Assessing risk levels
Some organisations add columns for risk levels. The risk rating of the hazard prior to applying the control is known as the 'inherent risk rating'. The risk rating of the hazard with the control in place is known as the 'residual' risk rating.

Risk, within the occupational health and safety sphere, is defined as the 'effect of uncertainties on objectives[4]'. In the context of rating a risk, it is the correlation of 'likelihood' and 'consequence', where likelihood is a quantitative evaluation of frequency of occurrences over time, and consequence is a qualitative evaluation of both the "Mechanism of Injury" and the reasonable and realistic estimate of "Severity of Injury".


There is historical precedent to reasonably and realistically evaluate that the likelihood of an adverse event occurring while operating a hot particle producing tool, (grinder), is "possible", therefore the activity of grinding meets the workplace hazard criteria.
It would also be reasonable and realistic to assume that the mechanism of injury of an eye being struck at high speed with hot metal particles may result in a permanent disability, whether it be the eye of the grinder operator, a crew member or any person passing or working adjacent to, above or below the grinding operation.
The severity of reasonably and realistically expected injury may be blindness. Therefore, grinding warrants a high severity rating.
Wearing eye protection while in the vicinity of grinding operations reduces the likelihood of this adverse event occurring.
If the eye protection was momentarily not used, not fitted correctly or failed and hot high speed particles struck an eye, the expected mechanism of injury (adverse event) has still occurred, hence the consequence rating remains the same for both the inherent and residual consequence rating.
It is accepted that the control may affect the severity of injury, however, the rated consequence remains the same as the effect is not predictable.
One of the known risk rating anomalies is that likelihood and the severity of injury can be scaled, but mechanism of injury cannot be scaled. This is the reason why the mechanism of injury is bundled with severity, to allow a rating to be given. The MoI is an important factor as it suggests the obvious controls.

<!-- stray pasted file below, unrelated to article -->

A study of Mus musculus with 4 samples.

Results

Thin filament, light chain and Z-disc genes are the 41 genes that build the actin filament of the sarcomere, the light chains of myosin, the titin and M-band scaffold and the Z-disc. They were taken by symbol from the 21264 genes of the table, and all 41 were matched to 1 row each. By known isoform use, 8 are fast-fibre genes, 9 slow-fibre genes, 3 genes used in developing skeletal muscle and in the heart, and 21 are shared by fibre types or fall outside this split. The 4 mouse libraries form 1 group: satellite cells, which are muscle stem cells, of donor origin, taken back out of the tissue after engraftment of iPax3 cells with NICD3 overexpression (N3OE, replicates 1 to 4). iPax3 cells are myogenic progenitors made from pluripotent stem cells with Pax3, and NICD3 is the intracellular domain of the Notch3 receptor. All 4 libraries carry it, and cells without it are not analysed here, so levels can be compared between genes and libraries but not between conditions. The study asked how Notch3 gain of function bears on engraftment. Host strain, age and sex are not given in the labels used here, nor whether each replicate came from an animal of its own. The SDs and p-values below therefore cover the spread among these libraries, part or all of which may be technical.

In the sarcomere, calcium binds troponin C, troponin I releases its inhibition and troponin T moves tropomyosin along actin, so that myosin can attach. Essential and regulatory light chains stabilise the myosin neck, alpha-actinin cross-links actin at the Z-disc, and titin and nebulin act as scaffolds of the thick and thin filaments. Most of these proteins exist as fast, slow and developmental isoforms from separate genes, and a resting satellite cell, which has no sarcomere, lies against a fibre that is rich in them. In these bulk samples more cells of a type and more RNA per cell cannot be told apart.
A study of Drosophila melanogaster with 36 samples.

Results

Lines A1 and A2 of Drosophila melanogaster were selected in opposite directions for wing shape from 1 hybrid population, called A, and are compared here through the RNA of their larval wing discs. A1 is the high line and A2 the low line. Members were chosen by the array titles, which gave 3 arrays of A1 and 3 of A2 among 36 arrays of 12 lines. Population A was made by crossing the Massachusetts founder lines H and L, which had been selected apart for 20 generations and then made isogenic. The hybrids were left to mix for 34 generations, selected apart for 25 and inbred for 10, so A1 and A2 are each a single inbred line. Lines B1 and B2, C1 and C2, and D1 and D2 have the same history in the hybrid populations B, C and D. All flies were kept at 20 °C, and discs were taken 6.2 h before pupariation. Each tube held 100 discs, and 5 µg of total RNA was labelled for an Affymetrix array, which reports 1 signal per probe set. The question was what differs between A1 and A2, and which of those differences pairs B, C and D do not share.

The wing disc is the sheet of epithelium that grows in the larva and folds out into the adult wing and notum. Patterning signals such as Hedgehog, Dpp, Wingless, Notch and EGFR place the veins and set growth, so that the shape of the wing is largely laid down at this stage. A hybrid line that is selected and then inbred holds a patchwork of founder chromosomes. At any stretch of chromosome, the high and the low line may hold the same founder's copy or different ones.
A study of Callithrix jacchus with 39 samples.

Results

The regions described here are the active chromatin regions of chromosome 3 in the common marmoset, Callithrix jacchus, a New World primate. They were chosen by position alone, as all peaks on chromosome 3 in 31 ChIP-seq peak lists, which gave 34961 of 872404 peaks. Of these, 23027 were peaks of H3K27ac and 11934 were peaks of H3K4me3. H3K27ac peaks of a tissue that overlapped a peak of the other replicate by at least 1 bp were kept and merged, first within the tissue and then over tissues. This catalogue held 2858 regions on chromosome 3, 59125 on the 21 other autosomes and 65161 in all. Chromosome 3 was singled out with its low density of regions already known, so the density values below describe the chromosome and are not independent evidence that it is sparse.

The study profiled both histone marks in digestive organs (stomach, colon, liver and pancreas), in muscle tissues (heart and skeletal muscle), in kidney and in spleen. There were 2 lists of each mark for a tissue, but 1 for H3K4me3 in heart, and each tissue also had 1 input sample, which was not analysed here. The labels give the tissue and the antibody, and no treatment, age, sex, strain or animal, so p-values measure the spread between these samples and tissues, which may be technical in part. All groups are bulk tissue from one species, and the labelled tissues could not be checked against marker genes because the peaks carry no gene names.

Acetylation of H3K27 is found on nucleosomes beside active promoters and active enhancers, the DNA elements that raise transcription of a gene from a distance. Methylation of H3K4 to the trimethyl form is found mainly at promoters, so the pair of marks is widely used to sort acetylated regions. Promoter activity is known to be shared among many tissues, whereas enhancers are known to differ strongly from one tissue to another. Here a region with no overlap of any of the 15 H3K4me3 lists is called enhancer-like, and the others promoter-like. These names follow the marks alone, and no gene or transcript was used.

Identifying responsibilities
Another column that is often added to a JSA form or worksheet is the Responsible column. The Responsible column is for the name of the individual who will put the particular control in place. Defining who is responsible for actually putting the controls in place that have been identified on the JSA worksheet ensures that an individual is accountable for doing so.

Application of the JSA
After the JSA worksheet is completed, the work group that is about to perform the task would have a toolbox talk, to discuss the hazards and controls, delegate responsibilities, ensure that all equipment and personal protective equipment described in the JSA are available, that contingencies such as fire fighting are understood, communication channels and hand signals are agreed etc. Then, if everybody in the work group agrees that it is safe to proceed with the task, work can commence.

If at any time during the task circumstances change, then work should be stopped (sometimes called a "time-out for safety"), and the hazards and controls described in the JSA should be reassessed and additional controls used or alternative methods devised. Again, work should only continue when every member of the work group agrees it is safe to do so.

When the task is complete it is often of benefit to have a close-out or "tailgate" meeting, to discuss any lessons learned so that they may be incorporated into the JSA the next time the task is undertaken.